It is the irony of all ironies to experience tragedy and come out of it feeling more greatful.
Life as We know it is life as we've never known. It is when we suffer a loss that we learn to define life based on our difficulties.
After loss, the emptiness of birthdays, anniversaries, and holidays, can be especially hard. You would have on your fingertips this unbelievable reservoir of sadness. It would seem right next to you where you can touch it - with it becoming a part of your life. But alongside sadness, you would have a much deeper appreciation for what you used to take for granted: family, friends, and simply being alive.
Once you can see these days of emptiness as milestones, you would learn to cherish these as moments. And it is when you would discover a WHY to live for, you can bear almost any how.
There would be times when you would be caught up in strings like:
"You must go on,
I can't go on,
I will go on."
In many of the grief counseling sessions, my clients have questioned me about how much resilience do they need to overcome the pain. We've often had to pause the sessions at this juncture. It takes the client to not only reach out for their handkerchief at this point, but it even makes them feel that they cannot breathe. As the client gasps a breath or two and feels like returning to the present- the session, I break the reality about building resilience and it is almost always seen that clients feel ascertained that they will be able to overcome this painful phase and they will be able to find joy.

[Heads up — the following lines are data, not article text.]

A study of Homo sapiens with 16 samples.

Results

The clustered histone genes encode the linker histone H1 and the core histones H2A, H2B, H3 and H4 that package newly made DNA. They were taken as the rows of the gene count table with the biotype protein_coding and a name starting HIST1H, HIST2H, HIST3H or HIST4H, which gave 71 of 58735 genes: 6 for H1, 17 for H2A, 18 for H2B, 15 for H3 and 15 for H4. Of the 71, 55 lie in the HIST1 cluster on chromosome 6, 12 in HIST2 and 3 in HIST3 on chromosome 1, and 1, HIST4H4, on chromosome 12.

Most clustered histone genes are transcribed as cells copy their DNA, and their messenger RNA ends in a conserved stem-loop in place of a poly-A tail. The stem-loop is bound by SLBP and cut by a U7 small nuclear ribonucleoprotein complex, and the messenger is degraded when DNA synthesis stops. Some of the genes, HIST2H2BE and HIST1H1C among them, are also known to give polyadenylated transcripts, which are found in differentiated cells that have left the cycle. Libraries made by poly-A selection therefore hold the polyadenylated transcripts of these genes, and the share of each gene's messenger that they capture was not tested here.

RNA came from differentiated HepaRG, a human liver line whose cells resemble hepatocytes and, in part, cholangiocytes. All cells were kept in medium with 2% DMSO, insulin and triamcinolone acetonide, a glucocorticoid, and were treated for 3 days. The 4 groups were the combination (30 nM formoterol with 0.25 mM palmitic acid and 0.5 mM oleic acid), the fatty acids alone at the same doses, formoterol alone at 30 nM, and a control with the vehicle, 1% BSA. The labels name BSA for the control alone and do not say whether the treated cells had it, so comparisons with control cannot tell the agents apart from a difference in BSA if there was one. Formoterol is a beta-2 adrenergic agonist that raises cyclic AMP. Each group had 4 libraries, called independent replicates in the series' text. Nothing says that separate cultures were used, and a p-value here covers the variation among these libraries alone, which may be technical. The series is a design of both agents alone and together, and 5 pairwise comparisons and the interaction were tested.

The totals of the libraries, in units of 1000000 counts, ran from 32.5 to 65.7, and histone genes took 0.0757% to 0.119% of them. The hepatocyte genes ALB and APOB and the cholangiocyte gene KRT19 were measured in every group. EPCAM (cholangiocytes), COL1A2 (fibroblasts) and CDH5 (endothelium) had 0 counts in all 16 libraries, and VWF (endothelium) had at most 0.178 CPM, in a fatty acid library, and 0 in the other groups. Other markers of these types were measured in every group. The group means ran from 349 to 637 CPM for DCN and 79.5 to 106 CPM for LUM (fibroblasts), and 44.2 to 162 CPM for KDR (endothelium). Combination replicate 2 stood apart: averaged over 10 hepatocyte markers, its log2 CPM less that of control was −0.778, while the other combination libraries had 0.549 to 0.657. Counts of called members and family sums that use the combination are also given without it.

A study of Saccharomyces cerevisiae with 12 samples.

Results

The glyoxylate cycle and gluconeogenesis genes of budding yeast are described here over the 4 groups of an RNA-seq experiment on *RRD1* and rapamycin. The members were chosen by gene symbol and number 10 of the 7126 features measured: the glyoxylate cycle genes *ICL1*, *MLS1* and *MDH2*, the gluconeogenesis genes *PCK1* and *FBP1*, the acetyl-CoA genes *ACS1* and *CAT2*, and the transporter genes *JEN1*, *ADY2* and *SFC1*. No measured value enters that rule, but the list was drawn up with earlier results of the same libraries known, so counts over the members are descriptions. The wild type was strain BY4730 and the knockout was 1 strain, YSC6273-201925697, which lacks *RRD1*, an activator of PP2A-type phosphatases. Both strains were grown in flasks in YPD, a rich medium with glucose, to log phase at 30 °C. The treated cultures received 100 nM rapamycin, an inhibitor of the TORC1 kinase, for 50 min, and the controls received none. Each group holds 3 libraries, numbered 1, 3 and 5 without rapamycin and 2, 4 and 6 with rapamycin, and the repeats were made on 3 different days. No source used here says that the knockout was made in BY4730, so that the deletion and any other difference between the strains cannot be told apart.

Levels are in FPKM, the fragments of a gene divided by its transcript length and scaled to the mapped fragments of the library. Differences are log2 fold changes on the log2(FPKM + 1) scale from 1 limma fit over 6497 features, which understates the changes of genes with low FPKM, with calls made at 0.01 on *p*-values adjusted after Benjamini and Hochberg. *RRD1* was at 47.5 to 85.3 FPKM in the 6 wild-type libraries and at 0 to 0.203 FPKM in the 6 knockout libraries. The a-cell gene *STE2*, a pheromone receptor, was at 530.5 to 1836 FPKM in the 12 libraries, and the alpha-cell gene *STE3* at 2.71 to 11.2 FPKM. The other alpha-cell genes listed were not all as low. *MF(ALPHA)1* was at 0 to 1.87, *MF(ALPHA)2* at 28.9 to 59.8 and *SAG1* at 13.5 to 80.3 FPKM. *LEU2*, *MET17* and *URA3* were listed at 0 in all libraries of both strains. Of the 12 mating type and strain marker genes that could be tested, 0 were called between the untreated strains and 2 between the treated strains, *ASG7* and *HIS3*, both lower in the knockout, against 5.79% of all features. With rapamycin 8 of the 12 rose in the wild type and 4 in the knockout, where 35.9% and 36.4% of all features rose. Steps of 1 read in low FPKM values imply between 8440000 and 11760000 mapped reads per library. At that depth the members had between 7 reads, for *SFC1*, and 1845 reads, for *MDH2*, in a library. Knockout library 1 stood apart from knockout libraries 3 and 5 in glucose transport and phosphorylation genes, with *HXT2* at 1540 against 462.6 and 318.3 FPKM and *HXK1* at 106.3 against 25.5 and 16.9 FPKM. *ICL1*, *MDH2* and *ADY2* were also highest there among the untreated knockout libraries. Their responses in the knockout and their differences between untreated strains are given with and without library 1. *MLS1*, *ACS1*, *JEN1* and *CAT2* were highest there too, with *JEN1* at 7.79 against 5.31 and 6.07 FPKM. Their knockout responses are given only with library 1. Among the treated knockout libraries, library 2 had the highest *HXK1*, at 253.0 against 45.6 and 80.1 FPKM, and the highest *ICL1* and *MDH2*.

Because "Resilience is the strength and speed of our response to adversity- and we can build it. It isn't about having a backbone. It is about strengthening the muscles around the backbone.", asking for a 'quantity', i.e., 'how much resilience do I need?' becomes a wrong question. Instead we can begin 'building resilience'.
Grief is a demanding companion. In the early days of an adversity crash landing into your life, it is always there, not just below the surface but on the surface. Simmering, lingering, festering. Then, like a wave it would rise up and pulse through as if it were going to tear the heart right out of the body.
But, there is a bottom to this seemingly endless void. Yes, grief is unavoidable but, there are things one could do to lessen the anguish for oneself. While grief runs its course, one's beliefs and actions could shape how quickly one moved through the void and where one ended.
If the passage above sounds like you need help in sailing through pain, void and hopelessness, you can reach out to us. Click Here. Remember, no one has been handed only roses. We all encounter hardships.